When I moved to Dubai, there were two types of people: those soaking up the local culture and committed to staying, and those living there physically but planning a hasty return to their homeland.
Those not fully committed were all gone within a year.
As it turns out, living abroad is more difficult than anticipated.
What might initially seem exciting and exotic about an international destination can almost instantly turn into frustration and annoyance.
This is especially true if there are large culture gaps between the two locations exacerbated by diverse belief systems and languages.
To live abroad successfully takes a great deal of personal openness and willingness to be mentally flexible.
I define mental flexibility as that split second before judgment when one can think, “that’s interesting” before she thinks “that’s good or bad” when experiencing something new.
And if there is one thing living abroad has a lot of, it’s newness.
It’s good then that mental flexibility can be learned and cultivated with practice.
For example, a few years back, I was living in a rural town in northern Jordan where most women wore a conservative headscarf style.
For weeks I went out letting my lighter hair show while simultaneously avoiding the eye contact of many gawkers.
Then one day, I decided to don a headscarf while going out on errands.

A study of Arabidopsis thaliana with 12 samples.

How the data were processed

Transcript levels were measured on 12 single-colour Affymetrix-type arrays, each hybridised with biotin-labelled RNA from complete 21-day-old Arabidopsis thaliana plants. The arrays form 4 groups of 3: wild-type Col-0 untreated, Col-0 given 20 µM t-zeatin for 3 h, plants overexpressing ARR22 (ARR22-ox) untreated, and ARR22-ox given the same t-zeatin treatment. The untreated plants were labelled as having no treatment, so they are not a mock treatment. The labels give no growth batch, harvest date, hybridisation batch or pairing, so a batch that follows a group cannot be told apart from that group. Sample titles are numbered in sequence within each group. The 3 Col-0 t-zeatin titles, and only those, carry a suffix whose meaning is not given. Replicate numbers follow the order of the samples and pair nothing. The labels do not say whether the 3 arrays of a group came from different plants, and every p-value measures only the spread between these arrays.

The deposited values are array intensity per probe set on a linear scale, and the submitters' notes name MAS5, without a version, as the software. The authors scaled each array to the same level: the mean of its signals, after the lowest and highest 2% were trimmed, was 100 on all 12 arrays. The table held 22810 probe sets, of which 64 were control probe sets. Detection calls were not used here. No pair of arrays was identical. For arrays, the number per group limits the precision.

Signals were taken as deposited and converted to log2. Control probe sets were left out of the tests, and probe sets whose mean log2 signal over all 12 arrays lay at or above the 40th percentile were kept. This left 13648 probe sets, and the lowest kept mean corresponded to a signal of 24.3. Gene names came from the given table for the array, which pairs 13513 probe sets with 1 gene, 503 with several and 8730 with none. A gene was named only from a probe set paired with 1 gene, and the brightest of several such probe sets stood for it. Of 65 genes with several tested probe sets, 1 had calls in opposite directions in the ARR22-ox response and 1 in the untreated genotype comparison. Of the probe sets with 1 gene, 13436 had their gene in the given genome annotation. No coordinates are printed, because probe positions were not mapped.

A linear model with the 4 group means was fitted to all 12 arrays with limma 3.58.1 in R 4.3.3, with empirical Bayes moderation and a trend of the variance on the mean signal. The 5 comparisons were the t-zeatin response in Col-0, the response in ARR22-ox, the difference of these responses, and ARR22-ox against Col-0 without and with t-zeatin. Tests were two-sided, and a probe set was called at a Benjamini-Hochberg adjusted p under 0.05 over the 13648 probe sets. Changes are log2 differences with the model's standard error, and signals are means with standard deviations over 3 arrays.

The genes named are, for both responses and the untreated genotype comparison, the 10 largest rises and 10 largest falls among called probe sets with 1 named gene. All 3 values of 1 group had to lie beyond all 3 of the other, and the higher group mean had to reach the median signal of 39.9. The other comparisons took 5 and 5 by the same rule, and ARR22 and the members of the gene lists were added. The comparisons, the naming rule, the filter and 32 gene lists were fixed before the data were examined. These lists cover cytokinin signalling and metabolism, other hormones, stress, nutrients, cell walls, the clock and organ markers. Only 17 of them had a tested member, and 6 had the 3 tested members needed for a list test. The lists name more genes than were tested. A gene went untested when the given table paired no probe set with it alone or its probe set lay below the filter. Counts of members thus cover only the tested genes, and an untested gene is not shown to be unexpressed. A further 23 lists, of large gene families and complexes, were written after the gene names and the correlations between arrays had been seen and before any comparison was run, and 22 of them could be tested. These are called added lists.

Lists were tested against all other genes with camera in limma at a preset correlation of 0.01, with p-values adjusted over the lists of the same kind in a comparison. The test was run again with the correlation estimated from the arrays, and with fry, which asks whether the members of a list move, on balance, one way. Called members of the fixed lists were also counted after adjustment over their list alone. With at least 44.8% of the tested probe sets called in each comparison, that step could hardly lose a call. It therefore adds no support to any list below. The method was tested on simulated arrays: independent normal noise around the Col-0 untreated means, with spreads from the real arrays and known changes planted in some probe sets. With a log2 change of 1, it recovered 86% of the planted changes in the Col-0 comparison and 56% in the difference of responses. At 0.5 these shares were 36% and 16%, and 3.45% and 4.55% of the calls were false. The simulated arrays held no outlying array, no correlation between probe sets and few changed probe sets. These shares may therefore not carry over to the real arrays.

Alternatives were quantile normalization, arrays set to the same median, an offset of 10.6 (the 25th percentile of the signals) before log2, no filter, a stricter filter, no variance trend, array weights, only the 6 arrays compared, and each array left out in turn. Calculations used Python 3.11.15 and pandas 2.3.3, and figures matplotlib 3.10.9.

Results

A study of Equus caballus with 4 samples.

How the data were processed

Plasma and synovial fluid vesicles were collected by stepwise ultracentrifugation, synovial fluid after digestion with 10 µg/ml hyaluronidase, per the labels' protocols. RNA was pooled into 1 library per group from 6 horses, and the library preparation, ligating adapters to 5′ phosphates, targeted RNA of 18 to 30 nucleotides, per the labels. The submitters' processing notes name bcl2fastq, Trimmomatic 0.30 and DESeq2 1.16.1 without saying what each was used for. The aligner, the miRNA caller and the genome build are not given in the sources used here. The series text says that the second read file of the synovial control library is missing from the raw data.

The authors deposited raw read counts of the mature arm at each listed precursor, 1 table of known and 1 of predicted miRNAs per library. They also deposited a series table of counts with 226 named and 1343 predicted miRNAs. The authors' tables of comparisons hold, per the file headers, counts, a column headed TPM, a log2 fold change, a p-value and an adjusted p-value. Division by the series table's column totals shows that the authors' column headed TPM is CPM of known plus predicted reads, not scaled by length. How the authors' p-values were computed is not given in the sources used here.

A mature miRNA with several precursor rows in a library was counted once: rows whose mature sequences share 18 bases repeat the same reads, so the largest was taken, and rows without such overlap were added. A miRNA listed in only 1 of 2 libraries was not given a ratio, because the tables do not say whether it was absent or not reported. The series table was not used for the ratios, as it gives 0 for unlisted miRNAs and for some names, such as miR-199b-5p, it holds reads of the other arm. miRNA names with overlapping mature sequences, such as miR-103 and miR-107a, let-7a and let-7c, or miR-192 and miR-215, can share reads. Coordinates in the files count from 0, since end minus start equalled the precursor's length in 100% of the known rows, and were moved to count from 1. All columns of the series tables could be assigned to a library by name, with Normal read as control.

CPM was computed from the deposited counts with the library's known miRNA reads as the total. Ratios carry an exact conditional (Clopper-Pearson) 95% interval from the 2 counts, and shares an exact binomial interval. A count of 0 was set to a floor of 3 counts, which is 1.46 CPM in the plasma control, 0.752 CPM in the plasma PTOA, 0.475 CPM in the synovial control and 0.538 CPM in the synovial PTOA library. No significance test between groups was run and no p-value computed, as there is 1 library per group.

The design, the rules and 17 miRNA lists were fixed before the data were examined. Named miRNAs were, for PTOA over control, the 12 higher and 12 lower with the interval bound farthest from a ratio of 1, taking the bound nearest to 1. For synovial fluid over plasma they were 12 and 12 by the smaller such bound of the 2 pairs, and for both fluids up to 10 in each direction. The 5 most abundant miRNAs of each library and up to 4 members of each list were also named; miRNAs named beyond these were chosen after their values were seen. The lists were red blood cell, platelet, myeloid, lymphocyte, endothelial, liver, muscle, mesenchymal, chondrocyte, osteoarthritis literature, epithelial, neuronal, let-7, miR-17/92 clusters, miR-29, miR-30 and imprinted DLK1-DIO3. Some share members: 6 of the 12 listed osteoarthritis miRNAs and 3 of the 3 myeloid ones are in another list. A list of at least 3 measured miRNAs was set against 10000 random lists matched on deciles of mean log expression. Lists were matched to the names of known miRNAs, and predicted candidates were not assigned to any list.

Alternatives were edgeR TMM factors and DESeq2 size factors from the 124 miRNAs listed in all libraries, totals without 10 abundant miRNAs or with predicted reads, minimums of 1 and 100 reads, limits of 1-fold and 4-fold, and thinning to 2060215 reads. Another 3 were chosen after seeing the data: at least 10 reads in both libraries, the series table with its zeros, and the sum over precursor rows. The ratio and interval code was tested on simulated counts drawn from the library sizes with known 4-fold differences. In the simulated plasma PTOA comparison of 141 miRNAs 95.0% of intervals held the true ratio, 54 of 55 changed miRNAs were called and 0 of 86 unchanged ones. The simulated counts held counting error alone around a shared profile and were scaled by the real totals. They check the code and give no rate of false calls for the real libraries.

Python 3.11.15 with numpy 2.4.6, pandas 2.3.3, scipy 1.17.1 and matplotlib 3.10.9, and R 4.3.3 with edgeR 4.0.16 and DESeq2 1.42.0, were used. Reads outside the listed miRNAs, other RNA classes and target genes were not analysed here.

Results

I wasn’t asked to do this or intimidated into it. Culturally it wasn’t necessary, and the gawkers were more distracting than dangerous.
I was curious.
I wanted to know what it was like to walk the streets with my head covered. Would I be treated differently if I fit in more, and how would that make me feel?
I gave myself the mental flexibility to play –in this case, dress up – without needing to answer all the associated moral and political questions.
Needless to say, it was an interesting experiment.
Inquisitiveness plays a large role in developing mental flexibility.
And, one can prepare for culturally dissimilar situations before ever leaving safe confines.
The old saying “you never truly know someone until you’ve walked a mile in his or her shoes” is an exceptional way to practice opening oneself to diverse thinking.
Actively try on someone else’s perspective. Mentally juggle what it must be like to have a different background, race, history, and culture.
View life from a different angle, and sit with observations before conclusion. Be willing to mull on that there isn’t just one way – or the right way – but many ways.
Let go of predisposed judgment and mentally become more flexible. Your abroad success depends on it.